Back in 2014, Top Gear Philippines, a famous motoring magazine and digital site, posted a photo on their Facebook page that sparked a debate.
The picture showed two nurses riding the back of a jeepney along with the caption: “Is chivalry dead? We really hope there was not a single male passenger inside that jeepney.” The said post opened up a heated discussion on gender equality and chivalry. On one hand, some page followers said the ladies may have chosen this form of commute. But most men in the comments section expressed their confusion over the matter of chivalry; the angry commenters insisted that since women wanted equality, men shouldn’t have to give up their seat in a public transport vehicle.
The avalanche of arguments in the comments section prompted the editorial team to clarify the caption by making a follow-up comment: “We don’t wish to argue with anyone about chivalry or gender equality. We’re 100% for gender equality, but we will definitely give up our seat for a lady. It’s not being sexist. It’s not implying that a woman is weak or that she needs to be helped at all times. It just feels right. We’ll probably do it for ourselves as much as for the lady.”
While this social exchange on Facebook happened almost four years ago, one question remains unanswered:
What does chivalry mean in this modern age? In the case of mundane, day-to-day incidents, how can we respond to the call of gender equality for everyone’s benefit?
What is chivalry and is it really dead?
In a historical and literal context, chivalry is more than just an umbrella term for respect towards women. During the medieval era, chivalry is known as a set of values and code of conduct for knights. The word covers how knights should act in their political, religious, cultural, and military functions.
While chivalry emerged at a time where strict gender roles were the basis of everything, the term spoke mostly of living with bravery, courtesy, and respect towards other people’s welfare and towards women who are under a knight’s jurisdiction. Naturally, “chivalry” would spark confusion in the modern era, where women are no longer subject to ownership and subordination.
Does this mean chivalry is dead? One of the commenters on Top Gear’s Facebook post said: “Yes, feminism killed it.”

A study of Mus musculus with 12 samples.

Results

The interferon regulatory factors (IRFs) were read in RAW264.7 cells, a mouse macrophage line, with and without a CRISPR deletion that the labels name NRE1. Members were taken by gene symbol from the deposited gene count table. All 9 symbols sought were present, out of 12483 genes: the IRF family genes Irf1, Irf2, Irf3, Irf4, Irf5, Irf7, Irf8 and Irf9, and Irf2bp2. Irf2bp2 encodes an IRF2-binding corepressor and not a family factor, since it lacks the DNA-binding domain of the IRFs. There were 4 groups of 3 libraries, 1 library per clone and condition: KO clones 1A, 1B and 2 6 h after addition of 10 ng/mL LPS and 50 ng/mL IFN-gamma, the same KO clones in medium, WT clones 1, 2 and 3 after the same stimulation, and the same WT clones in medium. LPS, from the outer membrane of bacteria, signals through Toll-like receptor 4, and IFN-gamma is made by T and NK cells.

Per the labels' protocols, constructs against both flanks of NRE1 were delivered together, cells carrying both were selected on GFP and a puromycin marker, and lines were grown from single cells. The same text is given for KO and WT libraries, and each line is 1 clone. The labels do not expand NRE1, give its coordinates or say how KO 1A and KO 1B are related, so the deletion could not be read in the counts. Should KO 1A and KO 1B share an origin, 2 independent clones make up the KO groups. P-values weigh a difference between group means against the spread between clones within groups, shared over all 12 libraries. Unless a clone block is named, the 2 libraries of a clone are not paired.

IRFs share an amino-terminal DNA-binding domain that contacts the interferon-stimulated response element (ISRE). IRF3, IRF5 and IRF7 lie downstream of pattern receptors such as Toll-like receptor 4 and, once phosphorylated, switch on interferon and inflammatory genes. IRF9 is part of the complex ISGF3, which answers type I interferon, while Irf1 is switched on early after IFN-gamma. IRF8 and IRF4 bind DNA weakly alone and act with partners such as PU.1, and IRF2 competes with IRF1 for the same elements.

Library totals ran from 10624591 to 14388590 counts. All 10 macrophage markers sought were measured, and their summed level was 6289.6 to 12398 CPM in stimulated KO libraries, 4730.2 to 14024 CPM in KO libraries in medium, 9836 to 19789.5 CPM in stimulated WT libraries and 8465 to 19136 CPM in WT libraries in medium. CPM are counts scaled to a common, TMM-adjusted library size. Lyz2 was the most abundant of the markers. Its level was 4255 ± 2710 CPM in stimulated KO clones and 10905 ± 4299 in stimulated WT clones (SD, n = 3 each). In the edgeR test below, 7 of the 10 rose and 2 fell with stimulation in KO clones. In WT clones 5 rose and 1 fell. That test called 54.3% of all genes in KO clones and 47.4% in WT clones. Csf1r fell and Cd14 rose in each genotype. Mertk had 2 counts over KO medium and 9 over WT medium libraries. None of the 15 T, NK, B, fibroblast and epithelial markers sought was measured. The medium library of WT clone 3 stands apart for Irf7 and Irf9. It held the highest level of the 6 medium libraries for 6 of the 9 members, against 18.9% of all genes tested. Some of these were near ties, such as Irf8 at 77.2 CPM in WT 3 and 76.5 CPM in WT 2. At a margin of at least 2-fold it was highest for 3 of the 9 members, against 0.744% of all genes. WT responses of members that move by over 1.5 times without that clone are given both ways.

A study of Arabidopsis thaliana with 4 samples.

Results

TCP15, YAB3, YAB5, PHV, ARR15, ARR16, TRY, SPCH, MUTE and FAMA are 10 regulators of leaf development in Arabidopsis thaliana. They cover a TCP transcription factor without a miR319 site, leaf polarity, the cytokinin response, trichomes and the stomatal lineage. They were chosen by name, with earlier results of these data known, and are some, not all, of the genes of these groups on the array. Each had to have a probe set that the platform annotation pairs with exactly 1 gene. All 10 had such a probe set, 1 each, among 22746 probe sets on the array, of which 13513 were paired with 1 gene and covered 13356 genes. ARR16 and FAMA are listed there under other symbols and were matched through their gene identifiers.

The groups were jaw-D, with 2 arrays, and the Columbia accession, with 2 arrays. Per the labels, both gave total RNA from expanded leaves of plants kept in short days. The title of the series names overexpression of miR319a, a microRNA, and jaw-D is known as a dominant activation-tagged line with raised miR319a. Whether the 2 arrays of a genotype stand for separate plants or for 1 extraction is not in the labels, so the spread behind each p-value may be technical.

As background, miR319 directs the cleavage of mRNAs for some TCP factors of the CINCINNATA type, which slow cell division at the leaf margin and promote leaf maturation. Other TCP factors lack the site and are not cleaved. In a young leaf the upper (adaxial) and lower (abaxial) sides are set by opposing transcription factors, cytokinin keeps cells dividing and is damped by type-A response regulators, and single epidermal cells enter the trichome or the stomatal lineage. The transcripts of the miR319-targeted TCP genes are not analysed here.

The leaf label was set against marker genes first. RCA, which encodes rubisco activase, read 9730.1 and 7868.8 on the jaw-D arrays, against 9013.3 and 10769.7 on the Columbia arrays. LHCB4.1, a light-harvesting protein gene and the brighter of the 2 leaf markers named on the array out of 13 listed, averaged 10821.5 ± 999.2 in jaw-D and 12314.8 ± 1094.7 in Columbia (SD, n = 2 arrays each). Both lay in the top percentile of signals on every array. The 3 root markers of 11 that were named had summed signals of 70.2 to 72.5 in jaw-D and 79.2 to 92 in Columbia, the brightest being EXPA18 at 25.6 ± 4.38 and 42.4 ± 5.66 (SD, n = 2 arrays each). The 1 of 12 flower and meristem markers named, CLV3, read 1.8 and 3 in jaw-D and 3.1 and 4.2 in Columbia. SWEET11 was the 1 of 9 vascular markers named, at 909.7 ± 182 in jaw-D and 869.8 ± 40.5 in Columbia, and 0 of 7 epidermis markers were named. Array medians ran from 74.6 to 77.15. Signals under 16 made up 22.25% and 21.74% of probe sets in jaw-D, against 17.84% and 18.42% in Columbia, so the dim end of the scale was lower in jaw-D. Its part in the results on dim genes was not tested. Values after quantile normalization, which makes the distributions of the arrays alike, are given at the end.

It’s a funny response, and a lot of people seemed to like the witty comeback. But everything about that comment speaks of all the things that are fundamentally wrong about our culture.
In the Philippines, women are expected to act modestly. This stereotype was perfectly embodied by Jose Rizal’s heroine Maria Clara, whose image shaped the way Filipinas are raised. This context explains why male motorists were outraged upon seeing women riding public transport in a seemingly dangerous position. Traditional values are also the reason why gender equality seems like a never-ending issue in our country.
According to UNICEF’s primer on gender equality, “Culture can seem natural and immutable because it conditions not just what people do, but also how they think about and understand what they do. At the same time, a culture is not fixed.”
So while it may be hard to believe, chivalry isn’t dead. There’s a lot of work to be done in terms of gender equality in the Philippines, but chivalry is as much ingrained in our culture as hospitality. Perhaps the best way to understand chivalry in the modern era is to see it as a “theology” that is grounded in “an innate sense of honor,” as explained by Middle Ages historian Dr. Richard Kaeuper.
Now, how do you apply chivalry and gender equality to real-life situations? When a man is sitting inside a train, should he give up his seat for a woman? Should a woman demand to be seated?
Most of the commenters on Top Gear’s Facebook post were divided between 1) letting women do whatever they want and allowing men to keep their seats because chivalry is sexist, or 2) giving way to women because it’s the right thing to do. However, another commenter gave an argument worth exploring: “Gender equality means equality in treatment, privileges, and opportunities. It was never meant to make man the same as women in all respects.”
In this light, it’s best to view chivalry as a two-way street.
If you’re a woman, asking people politely for help instead of demanding for it will allow you to exercise your rights without offending anyone.
If you’re a man, it’s best to ask yourself why you’re giving up your seat in the first place. Are you thinking of doing it because you believe that women are weak and therefore need help? Or are you doing it to be kind?
Whether it’s a mundane or a significant issue, UNICEF advises to always employ a human rights-based approach to gender equality.
“Gender equality is not a ‘women’s issue.’ The issue of men in development is critical because ending women’s subordination involves more than simply reallocating economic resources—it also involves redistributing power. There is a strong case to be made that transformed gender relations will benefit men as well as women.”
At the end of the day, we all have to pay to get into a jeep or a bus or a train. So fundamentally, we all have equal rights to a seat. But giving up your place is a conditional act, and you must decide on your actions based on what you think is morally upright. So if you’re sacrificing your comfort for other people’s sake, it should be less about their gender and more about what you believe a decent human being should do.
Read more inspiring stories on women empowerment, and learn about opportunities for young females in senior high school and college!